As millions of Baby Boomers choose not to merely grow old but to grow whole, to intentionally step across a threshold and become an Elder, we discover that aging can be a spiritual path. Its foundation is described in every spiritual tradition as ego transcendence, a shift in identity from a separate sense of self to a universal sense of inter-connectedness. Read More.
I hear you asking, “A Jung Platform course on the Tarot? Isn’t that fortune telling? What next, tea leaves?” My only response: perhaps!
Among the many orthodox and heterodox psychological concepts that Jung explored, divination and its companion, synchronicity, are part of the Jungian canon. Rather than being surprised at this, it is helpful to see Jung’s wide-ranging interests, including not only divination but also alchemy, flying saucers, and discussions of religion, soul, and spirit, as a testimony to the power of Analytical Psychology as a discipline as well as a therapeutic method.
Many people have asked me over the years why I always keep returning to alchemy. What is it about alchemy that fascinates me so much that I have been studying it for 50 years now? Whenever I am faced with life’s unsolvable problems I go to alchemy, in the way Freud said somewhere that he would always return to dreams when in a conundrum.
Heartbreak cuts us to the bone, humbling us before the great forces of the Universe. But our tendency to avoid and protect ourselves from pain clouds our vision and prevents us from seeing the light at the end of the tunnel. It alienates us from recognizing the purpose of heartbreak. So often, we remain in denial and ignore the call from our emotions, numbing ourselves to the effects of grief. We fear confronting the new world that now awaits us in our vulnerability. We fear creating our post-heartbreak identity that is more or less a mirage—a distant and attractive mirage but a mirage nonetheless.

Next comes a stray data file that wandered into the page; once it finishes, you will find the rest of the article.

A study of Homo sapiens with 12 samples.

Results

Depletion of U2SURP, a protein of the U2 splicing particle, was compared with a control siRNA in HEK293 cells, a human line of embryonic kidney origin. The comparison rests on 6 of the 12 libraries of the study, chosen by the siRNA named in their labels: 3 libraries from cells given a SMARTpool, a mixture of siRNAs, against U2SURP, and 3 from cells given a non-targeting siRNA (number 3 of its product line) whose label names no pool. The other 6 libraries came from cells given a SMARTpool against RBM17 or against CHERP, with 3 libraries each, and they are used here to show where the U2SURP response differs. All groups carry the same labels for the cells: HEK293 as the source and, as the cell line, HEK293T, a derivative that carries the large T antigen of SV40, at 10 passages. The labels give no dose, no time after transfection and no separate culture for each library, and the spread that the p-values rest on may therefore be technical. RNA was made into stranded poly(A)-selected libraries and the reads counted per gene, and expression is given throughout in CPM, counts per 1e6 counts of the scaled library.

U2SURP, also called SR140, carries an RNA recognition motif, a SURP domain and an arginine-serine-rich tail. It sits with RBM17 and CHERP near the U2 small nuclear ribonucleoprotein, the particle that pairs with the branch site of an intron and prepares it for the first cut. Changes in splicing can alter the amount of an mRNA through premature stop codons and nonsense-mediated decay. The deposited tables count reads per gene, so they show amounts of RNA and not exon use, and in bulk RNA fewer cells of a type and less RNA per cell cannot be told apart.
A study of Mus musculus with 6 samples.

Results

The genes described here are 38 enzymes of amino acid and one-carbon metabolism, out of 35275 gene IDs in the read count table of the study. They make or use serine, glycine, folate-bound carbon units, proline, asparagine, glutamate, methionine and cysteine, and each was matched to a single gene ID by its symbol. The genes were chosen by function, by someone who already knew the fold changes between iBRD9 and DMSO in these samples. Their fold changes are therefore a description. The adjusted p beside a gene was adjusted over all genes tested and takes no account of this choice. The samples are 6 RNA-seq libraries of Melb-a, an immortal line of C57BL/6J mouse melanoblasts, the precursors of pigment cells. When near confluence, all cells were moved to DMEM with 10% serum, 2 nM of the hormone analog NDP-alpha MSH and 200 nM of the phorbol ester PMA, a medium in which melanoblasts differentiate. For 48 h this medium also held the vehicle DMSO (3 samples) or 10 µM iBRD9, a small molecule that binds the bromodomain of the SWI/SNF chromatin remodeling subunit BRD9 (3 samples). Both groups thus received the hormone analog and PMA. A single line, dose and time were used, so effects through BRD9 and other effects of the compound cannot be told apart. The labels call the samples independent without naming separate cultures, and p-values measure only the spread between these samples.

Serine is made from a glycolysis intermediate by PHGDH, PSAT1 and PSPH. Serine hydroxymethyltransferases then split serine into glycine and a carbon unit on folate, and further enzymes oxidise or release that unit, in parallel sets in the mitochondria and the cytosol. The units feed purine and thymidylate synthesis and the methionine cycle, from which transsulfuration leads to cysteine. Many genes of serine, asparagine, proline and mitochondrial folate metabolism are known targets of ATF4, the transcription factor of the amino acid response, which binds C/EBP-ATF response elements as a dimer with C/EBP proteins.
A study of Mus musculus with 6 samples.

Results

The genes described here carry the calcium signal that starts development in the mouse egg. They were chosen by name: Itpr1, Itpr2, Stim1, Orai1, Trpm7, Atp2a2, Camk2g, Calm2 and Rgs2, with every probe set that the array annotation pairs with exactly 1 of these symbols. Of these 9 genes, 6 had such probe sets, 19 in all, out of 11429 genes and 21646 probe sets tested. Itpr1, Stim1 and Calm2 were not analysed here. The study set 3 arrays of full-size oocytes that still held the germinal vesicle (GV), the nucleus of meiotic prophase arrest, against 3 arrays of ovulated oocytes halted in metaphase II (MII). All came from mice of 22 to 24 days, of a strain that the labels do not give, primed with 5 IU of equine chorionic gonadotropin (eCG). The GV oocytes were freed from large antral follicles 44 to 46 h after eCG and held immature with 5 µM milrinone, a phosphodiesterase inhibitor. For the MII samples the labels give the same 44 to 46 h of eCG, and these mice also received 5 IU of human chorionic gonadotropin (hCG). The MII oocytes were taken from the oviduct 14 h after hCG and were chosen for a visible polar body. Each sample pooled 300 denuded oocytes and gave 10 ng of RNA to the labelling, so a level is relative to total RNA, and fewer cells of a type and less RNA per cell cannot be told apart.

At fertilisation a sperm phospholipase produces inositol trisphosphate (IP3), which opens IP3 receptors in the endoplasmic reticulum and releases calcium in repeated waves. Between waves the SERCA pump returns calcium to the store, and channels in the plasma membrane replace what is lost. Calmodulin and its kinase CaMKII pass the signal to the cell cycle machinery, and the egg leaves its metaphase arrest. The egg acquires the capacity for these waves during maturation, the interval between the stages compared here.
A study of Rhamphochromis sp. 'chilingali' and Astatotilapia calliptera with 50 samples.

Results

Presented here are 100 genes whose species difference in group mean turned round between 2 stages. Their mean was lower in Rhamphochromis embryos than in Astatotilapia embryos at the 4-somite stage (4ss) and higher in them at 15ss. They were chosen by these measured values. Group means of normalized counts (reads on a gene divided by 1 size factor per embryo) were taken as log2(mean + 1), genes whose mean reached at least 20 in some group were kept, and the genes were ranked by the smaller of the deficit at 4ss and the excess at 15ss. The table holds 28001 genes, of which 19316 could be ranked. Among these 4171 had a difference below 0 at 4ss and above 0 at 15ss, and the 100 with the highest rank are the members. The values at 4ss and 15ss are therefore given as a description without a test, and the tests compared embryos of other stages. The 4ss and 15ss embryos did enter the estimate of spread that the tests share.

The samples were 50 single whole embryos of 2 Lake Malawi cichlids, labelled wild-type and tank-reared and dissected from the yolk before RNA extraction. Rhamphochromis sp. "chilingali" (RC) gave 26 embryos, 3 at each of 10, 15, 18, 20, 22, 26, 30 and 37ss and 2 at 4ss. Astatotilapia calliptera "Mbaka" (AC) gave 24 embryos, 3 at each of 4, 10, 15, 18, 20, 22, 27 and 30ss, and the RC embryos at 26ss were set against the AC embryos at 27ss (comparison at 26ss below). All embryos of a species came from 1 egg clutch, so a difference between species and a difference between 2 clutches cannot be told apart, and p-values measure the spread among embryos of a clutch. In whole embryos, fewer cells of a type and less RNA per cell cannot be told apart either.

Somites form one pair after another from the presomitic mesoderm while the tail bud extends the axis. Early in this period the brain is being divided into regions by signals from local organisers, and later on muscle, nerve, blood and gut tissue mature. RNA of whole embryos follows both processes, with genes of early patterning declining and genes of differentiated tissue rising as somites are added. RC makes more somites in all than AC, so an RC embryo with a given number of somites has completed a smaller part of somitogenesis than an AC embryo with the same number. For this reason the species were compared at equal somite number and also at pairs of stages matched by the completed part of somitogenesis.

Since the beginning of time, we have looked up at the stars and wondered. Big questions came to mind; how was the world created, what is our place in the universe, are we alone in our struggles, can we improve our relationships? We told stories around a fire to share our concerns, visitors recounted theirs, and we passed them down to our children.
In the modern world, men are expected to achieve outward “success.” You may feel that success means a good career with recognition for your accomplishments and financial reward, a family, and a network of friends. I imagine you have worked really hard at whatever path you have chosen and still put in long hours. If that traditional path has not been yours – my message still applies – there is still a cultural pressure to have “exterior success” that determines your self-worth.
In reality, the English language has only one word for love. Borrowing from Greek, we see that the words, Eros, Philia and Agape help in the expansion of our consciousness about different aspects of love. If nothing else, we discuss that love exists in the unity of a plurality of feelings. There are many aspects of love and yet paradoxically, there is a unity in the diversity of the several aspects.
Why bother with the dreams of the night when our day is a nightmare? Stricken with grief we feel not only loss and sadness, but also rage. When risk increases so does outrage. This is a disorienting mixture of emotions. We drown as the ground quakes under us and solid ground becomes quicksand. Spontaneously we enter the world of metaphor, by day and by night. Jungian analyst and world famous dream worker Robert Bosnak, who has worked professionally with dreams for fifty years, believes that people vividly remember the pandemic dreams because they are strikingly powerful.
Fathering reflects a universal symbolic pattern in the individual and collective, conscious and unconscious. We come into this world needing a father, his recognition and to be lovingly seen by him. We innately require a nurturing and caring father figure while his lack of presence affects a daughter’s mind, body and soul.
Sexual dreams can teach us a lot about our current relationship – and help us to change it for the better. Dream interpretation in the sense of “one dream image has one meaning for everyone” is a misleading way of looking at dreams. In fact, the only person who can really know for sure what his/her dream means is the dreamer.
A woman dreamt she was to take care of her father. The meaning of this dream depends on the dreamer and can mean many things about the relationship with her father. Why is she to take care of him? What is the dreamer’s desire, and what are the implied wounds? Jung said, “The father is decisive in the destiny of the individual .”This quote reminds us of the value of a loving father for a daughter’s growth.